The holidays, the time of year where we eagerly travel to see our loved ones. Some people travel only a few miles. Some individuals travel several thousand miles. We seek the company of those who we belong to. People we shared our journey from childhood to adulthood. There are moments these same loved ones can say something simple and trigger a whole host of emotions-irritation, anger, frustration, exasperation, sadness…to list a few. You thought you were playing a simple game of scrabble. Then something else happened.
How do you recover from this? You arrive home. Back in your sanctuary and the feelings linger. Maybe you find the more you think about it the more the feelings grow. What you really seek is to let it go, for peace and calm.
Here is a simple exercise to gain a new point of view.
Three Chair Perspective. You will need three chairs, space to set them up about a few feet apart. Set two chairs facing one another. Set the third chair a few feet out to the side, distance directly in the middle of chair 1 and chair 2.
It should look like the below diagram.
The 1st Chair-This is your point of view.
The 2nd Chair-This is the point of view of your family member that you are having the strong emotions with.
The 3rd Chair-The meta position. The objective 3rd party that can see both sides of the story.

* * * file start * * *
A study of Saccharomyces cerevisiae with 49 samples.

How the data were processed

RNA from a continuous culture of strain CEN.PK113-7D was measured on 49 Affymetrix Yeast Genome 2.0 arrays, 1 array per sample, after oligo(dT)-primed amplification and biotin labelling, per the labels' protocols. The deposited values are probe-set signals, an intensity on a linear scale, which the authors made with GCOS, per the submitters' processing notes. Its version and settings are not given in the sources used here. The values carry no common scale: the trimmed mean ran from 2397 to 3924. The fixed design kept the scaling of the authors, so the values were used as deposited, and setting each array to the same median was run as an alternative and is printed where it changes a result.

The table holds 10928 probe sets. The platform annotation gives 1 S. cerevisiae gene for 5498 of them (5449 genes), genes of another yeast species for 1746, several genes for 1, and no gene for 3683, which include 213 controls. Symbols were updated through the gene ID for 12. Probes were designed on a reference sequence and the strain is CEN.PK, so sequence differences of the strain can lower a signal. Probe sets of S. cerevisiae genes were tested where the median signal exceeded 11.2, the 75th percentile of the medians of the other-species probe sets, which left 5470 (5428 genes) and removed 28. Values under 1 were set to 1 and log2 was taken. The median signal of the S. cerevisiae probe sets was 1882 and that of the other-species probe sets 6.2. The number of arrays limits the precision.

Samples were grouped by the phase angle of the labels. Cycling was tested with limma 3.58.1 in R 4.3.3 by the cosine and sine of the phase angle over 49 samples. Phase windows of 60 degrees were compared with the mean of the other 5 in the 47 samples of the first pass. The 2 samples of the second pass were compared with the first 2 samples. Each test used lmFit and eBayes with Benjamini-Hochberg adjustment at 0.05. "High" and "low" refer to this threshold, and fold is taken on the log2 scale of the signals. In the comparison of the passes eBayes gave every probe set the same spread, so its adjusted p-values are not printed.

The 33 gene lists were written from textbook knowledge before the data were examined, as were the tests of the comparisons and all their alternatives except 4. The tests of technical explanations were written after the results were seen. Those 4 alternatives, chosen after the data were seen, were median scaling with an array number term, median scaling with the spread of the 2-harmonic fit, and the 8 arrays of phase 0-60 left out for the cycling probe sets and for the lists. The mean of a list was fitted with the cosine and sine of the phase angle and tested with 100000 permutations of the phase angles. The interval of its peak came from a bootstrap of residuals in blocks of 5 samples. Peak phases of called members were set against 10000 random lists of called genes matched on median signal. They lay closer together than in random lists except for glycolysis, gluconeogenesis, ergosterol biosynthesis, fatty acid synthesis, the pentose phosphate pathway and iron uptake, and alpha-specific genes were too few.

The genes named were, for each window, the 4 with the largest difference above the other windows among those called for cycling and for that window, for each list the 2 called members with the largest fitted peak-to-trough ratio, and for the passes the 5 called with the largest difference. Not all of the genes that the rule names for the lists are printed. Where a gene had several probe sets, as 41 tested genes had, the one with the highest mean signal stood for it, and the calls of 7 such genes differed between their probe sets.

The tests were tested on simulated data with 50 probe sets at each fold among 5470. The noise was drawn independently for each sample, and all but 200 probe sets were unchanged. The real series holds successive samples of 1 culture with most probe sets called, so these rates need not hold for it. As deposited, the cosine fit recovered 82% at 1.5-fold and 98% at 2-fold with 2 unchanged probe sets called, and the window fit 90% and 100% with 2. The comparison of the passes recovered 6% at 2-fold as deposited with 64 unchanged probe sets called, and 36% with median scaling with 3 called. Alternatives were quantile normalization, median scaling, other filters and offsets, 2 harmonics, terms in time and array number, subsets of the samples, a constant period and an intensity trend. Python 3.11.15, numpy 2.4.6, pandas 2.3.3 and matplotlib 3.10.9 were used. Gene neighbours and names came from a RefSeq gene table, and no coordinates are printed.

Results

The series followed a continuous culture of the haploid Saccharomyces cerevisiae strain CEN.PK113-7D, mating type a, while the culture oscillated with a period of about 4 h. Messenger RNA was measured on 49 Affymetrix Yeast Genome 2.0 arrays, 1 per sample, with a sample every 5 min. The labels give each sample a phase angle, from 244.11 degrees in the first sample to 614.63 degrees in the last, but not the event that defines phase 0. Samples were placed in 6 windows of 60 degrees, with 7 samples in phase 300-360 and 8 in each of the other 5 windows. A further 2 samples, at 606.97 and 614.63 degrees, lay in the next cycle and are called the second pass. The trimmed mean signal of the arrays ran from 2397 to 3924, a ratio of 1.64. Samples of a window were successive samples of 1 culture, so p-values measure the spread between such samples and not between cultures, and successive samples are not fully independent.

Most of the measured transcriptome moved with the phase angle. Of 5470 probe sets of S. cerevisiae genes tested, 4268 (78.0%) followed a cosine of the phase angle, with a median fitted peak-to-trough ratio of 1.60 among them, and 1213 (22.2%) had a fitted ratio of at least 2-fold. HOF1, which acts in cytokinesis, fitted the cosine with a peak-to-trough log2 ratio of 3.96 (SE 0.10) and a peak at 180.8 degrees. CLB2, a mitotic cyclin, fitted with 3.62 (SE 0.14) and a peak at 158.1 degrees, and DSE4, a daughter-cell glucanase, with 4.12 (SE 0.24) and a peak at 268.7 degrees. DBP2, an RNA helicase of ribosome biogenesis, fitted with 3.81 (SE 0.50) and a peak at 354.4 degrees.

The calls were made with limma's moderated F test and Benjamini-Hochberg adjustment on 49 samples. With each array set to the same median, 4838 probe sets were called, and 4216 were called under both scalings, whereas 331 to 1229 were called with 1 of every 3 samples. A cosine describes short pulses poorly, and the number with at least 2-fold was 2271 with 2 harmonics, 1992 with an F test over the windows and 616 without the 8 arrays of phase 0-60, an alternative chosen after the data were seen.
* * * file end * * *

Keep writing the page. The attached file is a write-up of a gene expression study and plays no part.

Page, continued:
Sit in the first chair and experience the situation through your own perspective. What are you experiencing? Feeling, thinking, hearing? What is your body posture like? Can you look over at the 2nd chair? As you look across to the second chair, in your mind’s eye, see the family member you are having the strong emotion about.
Now step out of the 1st chair. Leave your perspective in the chair 1 and walk over and sit in the 2nd chair.
As you sit in the 2nd chair, step into the point of view of your family member. In your mind’s eye see yourself (Chair 1) sitting across from Chair 2. What is it like for this family member to look at you? What are they feeling? What are they seeing? You can speak out loud as if you were this family member.
Now step out of the 2nd chair. Leave the family member perspective behind and sit in the 3rd chair.
As you sit in this chair-observe both “people” in the other chairs. Notice how these individuals relate to one another and to the situation. What can you see that the other two people cannot? What would you want the two of them to know?
Now step out of the 3rd chair. Go sit in the Chair 1.
What is your perspective now? Has your point of view changed?
This exercise is a fantastic way to see a new perspective, to say words that need to be said and to fix disagreements you may have experienced. Notice that the feelings change when you see things from a different point of view.